In a Jan. 3 article about Northern California flooding and mudslides, the Associated Press, based on information provided by the state Department of Water Resources, incorrectly reported that a levee breach near Collinsville in the Sacramento-San Joaquin Delta forced about 100 people from their homes, and that a Novato levee breach flooded a dozen homes. The department later said the Collinsville levee was only weakened, and the residents were evacuated as a precaution. The Novato breach flooded nearby fields only.
Emergencies Declared After Calif. Storms
Tuesday, January 3, 2006
GUERNEVILLE, Calif., Jan. 2 -- Homeowners shoveled away mud and other debris and authorities worked to repair damaged levees Monday after two storms flooded Northern California's wine country.
The rain moved into the central and southern parts of the state, threatening mudslides on hills stripped bare by summer wildfires.
Gov. Arnold Schwarzenegger (R) declared a state of emergency in seven counties, and initial estimates put the damage throughout Northern California at more than $100 million. The storms were blamed for at least three deaths, all caused by falling trees.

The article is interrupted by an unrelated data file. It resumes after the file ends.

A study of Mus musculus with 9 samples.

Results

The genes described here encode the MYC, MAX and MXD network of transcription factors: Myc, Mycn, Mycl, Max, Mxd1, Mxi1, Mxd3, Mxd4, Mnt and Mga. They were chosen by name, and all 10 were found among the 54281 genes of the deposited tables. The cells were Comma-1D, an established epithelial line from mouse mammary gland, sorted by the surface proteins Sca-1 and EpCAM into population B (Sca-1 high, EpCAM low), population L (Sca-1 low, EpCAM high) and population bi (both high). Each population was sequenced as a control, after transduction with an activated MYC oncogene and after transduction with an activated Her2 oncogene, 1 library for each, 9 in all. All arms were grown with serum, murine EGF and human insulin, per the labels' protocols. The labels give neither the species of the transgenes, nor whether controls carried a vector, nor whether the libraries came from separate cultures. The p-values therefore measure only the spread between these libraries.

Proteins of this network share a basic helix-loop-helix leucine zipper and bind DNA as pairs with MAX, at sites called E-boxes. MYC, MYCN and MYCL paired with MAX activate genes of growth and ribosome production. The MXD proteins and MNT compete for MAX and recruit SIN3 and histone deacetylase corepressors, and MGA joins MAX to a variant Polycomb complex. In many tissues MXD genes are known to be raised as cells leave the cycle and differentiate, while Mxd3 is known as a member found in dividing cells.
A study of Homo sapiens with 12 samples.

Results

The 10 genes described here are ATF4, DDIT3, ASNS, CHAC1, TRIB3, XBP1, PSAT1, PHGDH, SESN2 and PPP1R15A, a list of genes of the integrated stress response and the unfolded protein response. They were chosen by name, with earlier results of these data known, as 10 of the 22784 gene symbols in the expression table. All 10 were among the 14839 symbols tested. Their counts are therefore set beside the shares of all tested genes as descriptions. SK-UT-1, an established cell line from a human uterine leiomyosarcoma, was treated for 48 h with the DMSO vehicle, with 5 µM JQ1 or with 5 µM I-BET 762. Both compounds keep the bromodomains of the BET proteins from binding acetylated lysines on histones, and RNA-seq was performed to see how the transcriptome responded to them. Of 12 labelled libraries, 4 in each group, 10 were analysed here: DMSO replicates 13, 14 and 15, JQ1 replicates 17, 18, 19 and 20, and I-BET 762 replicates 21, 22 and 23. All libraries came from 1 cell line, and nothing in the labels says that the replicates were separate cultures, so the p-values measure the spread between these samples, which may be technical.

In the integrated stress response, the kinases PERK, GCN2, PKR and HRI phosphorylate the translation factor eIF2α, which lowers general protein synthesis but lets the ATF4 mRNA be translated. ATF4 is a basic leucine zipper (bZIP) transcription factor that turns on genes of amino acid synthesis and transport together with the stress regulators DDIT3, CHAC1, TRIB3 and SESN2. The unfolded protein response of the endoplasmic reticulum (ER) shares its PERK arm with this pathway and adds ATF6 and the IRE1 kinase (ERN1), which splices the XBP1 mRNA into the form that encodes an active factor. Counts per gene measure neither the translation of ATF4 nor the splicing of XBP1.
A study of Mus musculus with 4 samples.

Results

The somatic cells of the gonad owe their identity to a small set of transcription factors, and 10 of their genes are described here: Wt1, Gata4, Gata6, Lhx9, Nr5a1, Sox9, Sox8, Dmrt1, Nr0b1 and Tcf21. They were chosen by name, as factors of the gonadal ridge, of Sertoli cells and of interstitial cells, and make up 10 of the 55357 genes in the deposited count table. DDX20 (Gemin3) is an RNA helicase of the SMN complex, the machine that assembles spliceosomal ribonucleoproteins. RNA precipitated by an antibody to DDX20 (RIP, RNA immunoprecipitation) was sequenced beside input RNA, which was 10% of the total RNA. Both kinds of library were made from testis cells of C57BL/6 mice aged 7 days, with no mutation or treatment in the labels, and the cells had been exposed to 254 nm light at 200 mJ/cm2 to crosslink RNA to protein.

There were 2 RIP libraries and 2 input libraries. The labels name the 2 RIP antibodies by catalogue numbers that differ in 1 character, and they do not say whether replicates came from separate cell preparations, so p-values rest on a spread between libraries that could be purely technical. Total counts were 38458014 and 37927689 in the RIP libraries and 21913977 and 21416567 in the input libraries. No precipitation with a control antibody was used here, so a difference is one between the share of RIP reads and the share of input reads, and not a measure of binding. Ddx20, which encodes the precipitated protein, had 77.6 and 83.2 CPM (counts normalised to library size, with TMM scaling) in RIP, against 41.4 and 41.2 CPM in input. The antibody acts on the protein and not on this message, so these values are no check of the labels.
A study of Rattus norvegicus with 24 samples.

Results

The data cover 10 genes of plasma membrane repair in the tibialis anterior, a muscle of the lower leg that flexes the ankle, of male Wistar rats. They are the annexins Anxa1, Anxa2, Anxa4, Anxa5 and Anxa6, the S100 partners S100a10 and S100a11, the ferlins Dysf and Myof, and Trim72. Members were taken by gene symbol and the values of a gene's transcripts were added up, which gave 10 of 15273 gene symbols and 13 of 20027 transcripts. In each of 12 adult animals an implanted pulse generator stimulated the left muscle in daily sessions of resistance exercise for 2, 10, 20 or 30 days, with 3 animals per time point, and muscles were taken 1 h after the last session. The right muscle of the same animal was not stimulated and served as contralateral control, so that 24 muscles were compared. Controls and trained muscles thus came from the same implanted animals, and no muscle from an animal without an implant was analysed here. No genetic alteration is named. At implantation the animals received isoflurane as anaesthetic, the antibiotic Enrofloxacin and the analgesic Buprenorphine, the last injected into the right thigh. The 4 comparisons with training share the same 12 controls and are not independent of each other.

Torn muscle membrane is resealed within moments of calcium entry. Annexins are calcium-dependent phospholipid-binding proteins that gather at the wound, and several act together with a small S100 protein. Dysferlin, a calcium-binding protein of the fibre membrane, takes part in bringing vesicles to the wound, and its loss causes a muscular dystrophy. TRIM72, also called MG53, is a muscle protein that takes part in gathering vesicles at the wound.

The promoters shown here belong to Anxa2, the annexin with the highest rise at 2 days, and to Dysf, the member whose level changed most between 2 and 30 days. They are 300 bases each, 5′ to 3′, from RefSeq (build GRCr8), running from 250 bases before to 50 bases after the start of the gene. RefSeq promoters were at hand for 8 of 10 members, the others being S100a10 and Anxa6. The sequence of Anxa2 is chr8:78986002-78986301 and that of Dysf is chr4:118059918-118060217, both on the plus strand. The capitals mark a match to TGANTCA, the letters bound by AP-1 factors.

The Russian River at Guerneville had receded several feet Monday, and hundreds of houses were flooded, Sonoma County spokesman Dan Levin said.
In the Marin County town of San Anselmo, north of San Francisco, a swollen creek caused an estimated $40 million in damage to about 50 businesses.
Water also receded in the heart of wine country along the Napa River, which rose out of its banks in the town of Napa and flooded several downtown blocks. Napa officials said about 600 houses and 150 businesses sustained an estimated $50 million in damage.
The weather threatened several levees, including at least two in the Sacramento-San Joaquin Delta, where water flowed over a levee at Collinsville, forcing 40 people from about 15 homes, officials said. In Novato, authorities were working to repair a levee breach that flooded a dozen homes.